My schedule is so cruel that I was able to go to only a few talks at the Wildlife Society's excellent 2009 conference, and to look at the posters. (This did however protect me from buying a coatimundi skull, a book on gibbons, and a radiocollar big enough for a bear.)
Even so, it was rewarding because so informative. Let me just say: you will log more fisher visits to your camera traps if you use actual bait. If you are translocating endangered birds from one side of Mauna Kea to the other, they may lose less weight in transit if you provide a wider variety of snacks during travel. Also, if you bought the conventional wisdom about imported red foxes occupying previously foxless lands, you might rethink in light of recent DNA evidence.
The traditional view has been that Europeans arrived on the east coast of the US, wailed that there were no red foxes, imported red foxes from Europe (suitable for hunting), and created an exuberant population of alien red foxes who spread out over the land. There were already clades of red foxes in the north and in the Rockies, but the invaders filled in the blanks on the map, occupying previously lightly-foxed lands .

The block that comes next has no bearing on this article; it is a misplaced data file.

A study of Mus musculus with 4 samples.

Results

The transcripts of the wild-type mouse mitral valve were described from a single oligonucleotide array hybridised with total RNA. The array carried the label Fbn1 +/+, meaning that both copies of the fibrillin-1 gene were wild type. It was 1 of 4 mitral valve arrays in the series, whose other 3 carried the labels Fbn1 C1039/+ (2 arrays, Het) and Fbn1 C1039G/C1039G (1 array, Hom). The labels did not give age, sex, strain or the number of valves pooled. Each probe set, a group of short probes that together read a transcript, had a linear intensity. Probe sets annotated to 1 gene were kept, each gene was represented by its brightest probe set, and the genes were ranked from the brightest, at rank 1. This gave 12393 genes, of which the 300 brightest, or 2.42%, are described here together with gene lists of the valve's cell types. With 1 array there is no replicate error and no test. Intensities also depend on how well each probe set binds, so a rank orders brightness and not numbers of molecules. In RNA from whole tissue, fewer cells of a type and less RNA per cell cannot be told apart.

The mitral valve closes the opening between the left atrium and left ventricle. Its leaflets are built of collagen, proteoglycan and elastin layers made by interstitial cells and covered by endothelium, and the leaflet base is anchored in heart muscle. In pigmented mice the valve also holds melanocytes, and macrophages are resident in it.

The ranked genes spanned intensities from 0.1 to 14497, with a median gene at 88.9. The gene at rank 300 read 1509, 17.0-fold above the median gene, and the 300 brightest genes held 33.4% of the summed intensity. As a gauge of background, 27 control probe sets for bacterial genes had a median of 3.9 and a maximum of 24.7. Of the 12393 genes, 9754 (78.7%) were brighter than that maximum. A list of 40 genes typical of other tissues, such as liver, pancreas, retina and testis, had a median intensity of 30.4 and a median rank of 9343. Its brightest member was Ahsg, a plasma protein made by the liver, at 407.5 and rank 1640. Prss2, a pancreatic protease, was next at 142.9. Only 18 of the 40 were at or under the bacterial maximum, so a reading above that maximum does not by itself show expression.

A newer view hypothesized at the conference (goaded by a plea from an audience member, apparently a random crotchety blogger who had infiltrated the event) suggests that Europeans arrived on the east coast and saw no red foxes, yet foxes were probably there in modest numbers. The European immigrants imported red foxes, which vanished, leaving no traces in the DNA of the modern foxes sampled. But at the same time the Europeans altered the landscape in ways hospitable to the native red foxes (“Say, looks like they cut down that heavy forest and put in... a... can it be? It is, by cracky, it is! A chicken coop!”) Also they killed off fox-hostile species like wolves. It was by these acts, rather than by imports, that they created the exuberant population of red foxes.
“Tally-ho!” they cried, with completely misplaced self-esteem.